In morning trade the Premier Investments Limited (ASX: PMV) share price has pushed higher following the release of its full year results. At the time of writing the retail conglomerate’s shares are up 1% to $19.67. What happened in FY 2018? In FY 2018 Premier Investments achieved sales of $1,182 million and a reported net profit after tax of $83.6 million. This was an 8.2% increase and a 20.5% decline on the prior corresponding period. The reason that the company’s earnings fell heavily was due to a non-cash impairment expense of brand names within the Casual Wear cash generating unit…
At the time of writing the retail conglomerate’s shares are up 1% to $19.67.
What happened in FY 2018?
In FY 2018 Premier Investments achieved sales of $1,182 million and a reported net profit after tax of $83.6 million. This was an 8.2% increase and a 20.5% decline on the prior corresponding period.
The reason that the company’s earnings fell heavily was due to a non-cash impairment expense of brand names within the Casual Wear cash generating unit of $30 million. Management advised that the decrease reflects the increasingly competitive retail landscape and structural changes impacting the apparel industry in Australia and New Zealand.
The company neglected to provide an underlying profit after tax figure, but based on the same tax rate I estimate it to be approximately $110.2 million. This would mean an increase of 4.8% year on year.
It would also equate to underlying earnings per share of 69.35 cents, compared to reported earnings per share of 52.6 cents.
This is still well short of Goldman Sach’s forecast of net profit after tax of $120.5 million and EPS of 75.9 cents in FY 2018.
What were the drivers of its growth?
One key driver of its growth was the online channel. Premier Investments smashed its 2020 target of $100 million in annual online sales two years early. It grew online sales by 65.3% to $112.5 million in FY 2018.
Once again the company’s Smiggle brand was a strong performer. Smiggle achieved record global sales of $293 million, up 22.7% on FY 2017. The brand opened 52 new stores globally and online sales exceeded 10% of sales in countries with a transactional website. Approximately 67% of the brand’s sales were delivered from outside of Australia.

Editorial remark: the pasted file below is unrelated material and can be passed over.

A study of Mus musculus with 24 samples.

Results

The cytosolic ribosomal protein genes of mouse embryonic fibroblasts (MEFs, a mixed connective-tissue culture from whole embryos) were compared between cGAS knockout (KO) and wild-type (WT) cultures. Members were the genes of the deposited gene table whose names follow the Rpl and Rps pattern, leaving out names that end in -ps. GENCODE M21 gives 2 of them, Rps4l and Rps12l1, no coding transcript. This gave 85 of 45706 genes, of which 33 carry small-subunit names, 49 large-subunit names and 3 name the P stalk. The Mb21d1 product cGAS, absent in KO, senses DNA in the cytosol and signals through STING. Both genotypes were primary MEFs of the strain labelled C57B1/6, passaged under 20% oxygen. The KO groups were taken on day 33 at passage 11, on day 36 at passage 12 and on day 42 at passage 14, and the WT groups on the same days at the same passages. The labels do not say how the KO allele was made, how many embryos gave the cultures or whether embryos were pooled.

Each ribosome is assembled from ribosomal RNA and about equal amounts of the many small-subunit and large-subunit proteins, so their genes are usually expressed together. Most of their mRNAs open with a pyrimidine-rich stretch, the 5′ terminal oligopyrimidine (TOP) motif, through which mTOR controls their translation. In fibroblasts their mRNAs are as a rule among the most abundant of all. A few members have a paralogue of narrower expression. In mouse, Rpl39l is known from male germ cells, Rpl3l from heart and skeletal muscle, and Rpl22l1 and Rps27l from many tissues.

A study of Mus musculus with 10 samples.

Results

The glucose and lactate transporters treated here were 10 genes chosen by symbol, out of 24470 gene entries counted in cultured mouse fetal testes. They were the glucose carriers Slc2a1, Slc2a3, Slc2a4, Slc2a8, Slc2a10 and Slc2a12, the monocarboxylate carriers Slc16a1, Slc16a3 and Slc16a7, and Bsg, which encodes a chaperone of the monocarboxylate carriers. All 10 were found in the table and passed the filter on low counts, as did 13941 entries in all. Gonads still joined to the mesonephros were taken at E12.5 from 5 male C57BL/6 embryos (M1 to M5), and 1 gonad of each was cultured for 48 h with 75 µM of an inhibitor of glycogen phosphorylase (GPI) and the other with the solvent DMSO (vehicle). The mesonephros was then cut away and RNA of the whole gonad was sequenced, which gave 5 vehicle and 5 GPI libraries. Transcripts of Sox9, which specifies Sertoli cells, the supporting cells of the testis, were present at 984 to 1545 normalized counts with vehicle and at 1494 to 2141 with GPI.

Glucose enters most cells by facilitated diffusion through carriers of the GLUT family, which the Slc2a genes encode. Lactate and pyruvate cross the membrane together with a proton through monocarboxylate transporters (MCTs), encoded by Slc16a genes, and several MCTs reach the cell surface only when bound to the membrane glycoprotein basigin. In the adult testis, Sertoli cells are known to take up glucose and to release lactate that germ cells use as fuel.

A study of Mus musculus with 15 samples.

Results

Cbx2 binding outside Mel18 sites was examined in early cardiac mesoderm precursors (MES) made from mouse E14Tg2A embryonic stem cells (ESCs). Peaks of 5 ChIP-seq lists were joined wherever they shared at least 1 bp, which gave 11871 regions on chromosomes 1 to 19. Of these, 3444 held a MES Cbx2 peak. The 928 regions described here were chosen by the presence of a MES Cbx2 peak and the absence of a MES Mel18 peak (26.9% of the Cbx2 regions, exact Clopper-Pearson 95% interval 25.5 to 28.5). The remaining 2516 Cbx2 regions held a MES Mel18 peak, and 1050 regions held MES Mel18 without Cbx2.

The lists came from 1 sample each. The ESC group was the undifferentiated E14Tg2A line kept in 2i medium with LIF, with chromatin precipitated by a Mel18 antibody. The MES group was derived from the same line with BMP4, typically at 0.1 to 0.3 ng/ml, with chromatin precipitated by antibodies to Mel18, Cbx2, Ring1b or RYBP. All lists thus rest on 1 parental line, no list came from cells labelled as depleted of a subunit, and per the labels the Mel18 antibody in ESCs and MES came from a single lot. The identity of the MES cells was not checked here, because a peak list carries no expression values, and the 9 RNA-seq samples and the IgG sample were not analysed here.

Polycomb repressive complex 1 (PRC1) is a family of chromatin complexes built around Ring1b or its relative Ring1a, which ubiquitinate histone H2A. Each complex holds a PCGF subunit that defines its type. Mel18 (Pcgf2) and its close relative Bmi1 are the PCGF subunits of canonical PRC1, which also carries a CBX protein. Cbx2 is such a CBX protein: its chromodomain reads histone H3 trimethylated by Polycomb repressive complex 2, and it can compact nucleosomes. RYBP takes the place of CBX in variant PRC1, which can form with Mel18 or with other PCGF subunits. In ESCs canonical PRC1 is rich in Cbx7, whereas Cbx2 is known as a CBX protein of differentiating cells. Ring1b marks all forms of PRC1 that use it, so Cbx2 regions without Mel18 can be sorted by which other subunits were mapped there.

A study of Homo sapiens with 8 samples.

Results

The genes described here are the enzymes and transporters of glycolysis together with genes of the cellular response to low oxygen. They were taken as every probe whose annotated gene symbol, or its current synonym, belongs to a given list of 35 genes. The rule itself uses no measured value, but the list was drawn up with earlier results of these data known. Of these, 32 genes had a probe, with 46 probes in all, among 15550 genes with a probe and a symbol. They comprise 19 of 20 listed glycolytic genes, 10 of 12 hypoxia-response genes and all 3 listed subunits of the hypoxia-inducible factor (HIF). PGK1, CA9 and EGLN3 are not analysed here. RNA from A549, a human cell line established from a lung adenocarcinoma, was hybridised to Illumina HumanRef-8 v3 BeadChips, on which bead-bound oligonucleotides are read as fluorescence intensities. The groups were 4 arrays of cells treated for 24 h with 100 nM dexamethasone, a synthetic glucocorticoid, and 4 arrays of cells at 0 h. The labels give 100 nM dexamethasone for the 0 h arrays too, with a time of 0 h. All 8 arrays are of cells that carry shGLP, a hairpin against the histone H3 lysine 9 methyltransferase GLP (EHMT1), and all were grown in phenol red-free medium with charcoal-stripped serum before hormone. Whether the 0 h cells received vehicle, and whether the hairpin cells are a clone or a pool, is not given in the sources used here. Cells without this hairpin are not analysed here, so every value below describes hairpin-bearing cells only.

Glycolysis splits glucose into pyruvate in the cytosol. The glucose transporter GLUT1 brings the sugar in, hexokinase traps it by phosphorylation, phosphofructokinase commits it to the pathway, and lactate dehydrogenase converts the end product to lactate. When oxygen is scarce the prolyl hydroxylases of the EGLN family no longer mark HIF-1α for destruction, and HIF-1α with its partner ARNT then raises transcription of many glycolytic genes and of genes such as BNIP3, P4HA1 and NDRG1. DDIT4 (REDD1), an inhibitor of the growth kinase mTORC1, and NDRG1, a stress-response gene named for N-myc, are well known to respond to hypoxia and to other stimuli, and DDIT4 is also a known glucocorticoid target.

Limited like for likes sales data was provided for Smiggle, which may be an indication that this metric is slowing.
Another highlight was the Peter Alexander brand which also delivered record sales in FY 2018. They came in at $218.7 million, up 14.5% on FY 2017 and up 31% over two years. Both total sales and like for like sales were strong for the year.
This was supported by solid growth from its Portmans and Jacqui E brands, which offset sales declines from the struggling Just Jeans, Jay Jays, and Dotti brands.
The company’s positive overall performance and strong balance sheet allowed the Premier Investments board to declare a final fully franked dividend of 33 cents per share. This brought its full year dividend to 62 cents per share, up 17% on last year’s pay out.
Premier Investments’ global sales for the first five weeks of FY 2019 were up 10.2% on the prior corresponding period with an improved gross margin. This five-week sales growth number includes Smiggle’s key UK and Republic of Ireland “back to school” period where sales were up 29%.
No guidance was provided for the year ahead.
Should you invest?
I thought this was a decidedly weak full year result and I’m surprised to see its shares push higher today.
And while it is pleasing to see that the company has had a strong start to the year, it isn’t enough for me to want to buy shares today.
At 28x estimated underlying earnings, I think Premier Investments’s shares look quite expensive. In light of this, I would suggest investors consider other retail shares that arguably offer more value for money such as Adairs Ltd (ASX: ADH), Noni B Limited (ASX: NBL), or Super Retail Group Ltd (ASX: SUL).